WASHINGTON: Suddenly, after endlessly debating the Eastward extension of Nato and the European Union, political leaders in Bonn, Paris and London seem to be waking up to a basic fact: that none of these plans can work unless the United States remain firmly engaged in Europe - and that this engagement can no longer be taken for granted.

It should have been obvious all along. Without the continued willingness of the United States to tie its security to that of Western Europe, there will be no Nato - that goes without saying. But there also will be no European Union that is more than a mere free-trade area. For political union in Europa will not come about if countries are suspicious that it will only camouflage domination by a powerful Germany. The involvement of the world's major power in the affairs of Europe renders the difference of power between European countries less relevant and hence more tolerable. America no longer has to be the protector of Western Europe, as she was during forty Cold-War years; but she still has to be the moderator of European imbalances.

The trouble with this task is that, while evident and welcome to Europeans, Germany included, it does not seem very glamorous to Americans. They still feel confident, of course, with Nato, the military and security organization where they have been the undisputed leader for so long and still enjoy, when they want to exercise it, a leading role. But Nato, while it remains important for practical military cooperation among its members and as strategic reassurance against any major outside threat, inevitably is becoming less central to American as well as European concerns since such major threats are simply not on the horizon. To assure that the United States continues its European involvement, therefore, it will be necessary to develop transat1antic links which go beyond those of defense and security.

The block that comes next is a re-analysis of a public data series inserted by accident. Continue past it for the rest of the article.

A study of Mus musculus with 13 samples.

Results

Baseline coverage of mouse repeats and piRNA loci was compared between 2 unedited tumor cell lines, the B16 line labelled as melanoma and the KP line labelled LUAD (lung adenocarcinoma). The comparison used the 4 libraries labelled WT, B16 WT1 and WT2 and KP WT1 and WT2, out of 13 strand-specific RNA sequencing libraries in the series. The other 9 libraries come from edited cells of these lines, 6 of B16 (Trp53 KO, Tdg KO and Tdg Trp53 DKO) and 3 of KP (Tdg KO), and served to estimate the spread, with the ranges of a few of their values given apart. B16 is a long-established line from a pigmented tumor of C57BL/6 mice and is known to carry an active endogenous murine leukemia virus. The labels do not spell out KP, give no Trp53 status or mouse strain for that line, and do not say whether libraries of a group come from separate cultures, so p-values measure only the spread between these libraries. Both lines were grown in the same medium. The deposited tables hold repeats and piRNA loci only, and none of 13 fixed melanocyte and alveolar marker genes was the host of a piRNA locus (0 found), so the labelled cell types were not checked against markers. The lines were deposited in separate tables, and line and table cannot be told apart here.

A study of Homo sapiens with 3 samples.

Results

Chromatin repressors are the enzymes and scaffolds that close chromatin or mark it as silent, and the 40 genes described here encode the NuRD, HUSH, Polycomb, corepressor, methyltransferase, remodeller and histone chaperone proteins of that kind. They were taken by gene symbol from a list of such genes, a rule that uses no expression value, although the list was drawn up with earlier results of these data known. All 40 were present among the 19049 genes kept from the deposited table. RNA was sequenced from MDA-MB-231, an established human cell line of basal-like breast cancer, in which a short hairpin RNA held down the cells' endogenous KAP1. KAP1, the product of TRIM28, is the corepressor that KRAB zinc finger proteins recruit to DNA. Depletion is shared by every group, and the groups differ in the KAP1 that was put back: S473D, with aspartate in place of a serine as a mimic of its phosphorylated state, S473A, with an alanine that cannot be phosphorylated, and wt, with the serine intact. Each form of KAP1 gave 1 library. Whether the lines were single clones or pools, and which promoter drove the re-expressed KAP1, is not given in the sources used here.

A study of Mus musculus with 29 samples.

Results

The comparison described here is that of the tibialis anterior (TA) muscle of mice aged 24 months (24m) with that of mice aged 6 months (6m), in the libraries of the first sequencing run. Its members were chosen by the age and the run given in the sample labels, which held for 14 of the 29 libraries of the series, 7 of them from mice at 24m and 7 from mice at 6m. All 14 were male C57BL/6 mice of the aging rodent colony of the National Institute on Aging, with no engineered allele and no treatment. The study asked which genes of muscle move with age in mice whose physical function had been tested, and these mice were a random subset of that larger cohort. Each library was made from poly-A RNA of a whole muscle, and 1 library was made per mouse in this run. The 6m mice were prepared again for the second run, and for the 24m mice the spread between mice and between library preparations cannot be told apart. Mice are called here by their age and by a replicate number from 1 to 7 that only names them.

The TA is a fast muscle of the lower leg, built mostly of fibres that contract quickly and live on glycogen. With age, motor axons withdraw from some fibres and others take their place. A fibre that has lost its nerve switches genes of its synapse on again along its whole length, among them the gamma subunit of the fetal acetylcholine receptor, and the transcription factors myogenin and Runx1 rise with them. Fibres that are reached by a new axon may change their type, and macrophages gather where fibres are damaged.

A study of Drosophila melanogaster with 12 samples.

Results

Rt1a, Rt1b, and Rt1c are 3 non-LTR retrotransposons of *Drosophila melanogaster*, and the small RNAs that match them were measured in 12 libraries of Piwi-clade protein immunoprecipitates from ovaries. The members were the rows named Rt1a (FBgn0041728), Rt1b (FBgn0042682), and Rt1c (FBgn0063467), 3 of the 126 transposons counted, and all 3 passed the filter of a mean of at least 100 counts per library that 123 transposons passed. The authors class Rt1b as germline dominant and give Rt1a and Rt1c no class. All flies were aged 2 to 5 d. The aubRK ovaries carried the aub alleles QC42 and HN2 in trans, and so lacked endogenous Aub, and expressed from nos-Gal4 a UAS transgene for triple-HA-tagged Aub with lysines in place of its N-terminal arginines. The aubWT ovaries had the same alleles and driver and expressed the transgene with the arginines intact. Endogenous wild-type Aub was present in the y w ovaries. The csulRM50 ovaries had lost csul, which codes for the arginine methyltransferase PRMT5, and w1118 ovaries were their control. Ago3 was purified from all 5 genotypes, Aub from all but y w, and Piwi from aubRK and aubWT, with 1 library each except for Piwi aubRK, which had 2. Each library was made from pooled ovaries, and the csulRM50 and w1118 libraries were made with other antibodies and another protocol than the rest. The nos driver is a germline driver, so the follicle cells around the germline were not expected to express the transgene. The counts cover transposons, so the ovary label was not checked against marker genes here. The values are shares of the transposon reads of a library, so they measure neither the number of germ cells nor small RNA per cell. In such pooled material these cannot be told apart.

That consequence of the end of the Cold war was predictable. But, as usual in politics, governments prefer not to be disturbed by prealotions until they come true. Now, for the first time, European politicians seem to be genuinely worried about the future of the Atlantic relationship. Over the past few months, every self-respecting West European foreign and defense minister has called for some new Atlantic initiative to complement the long-standing security ties, primarily in the trade and economic field.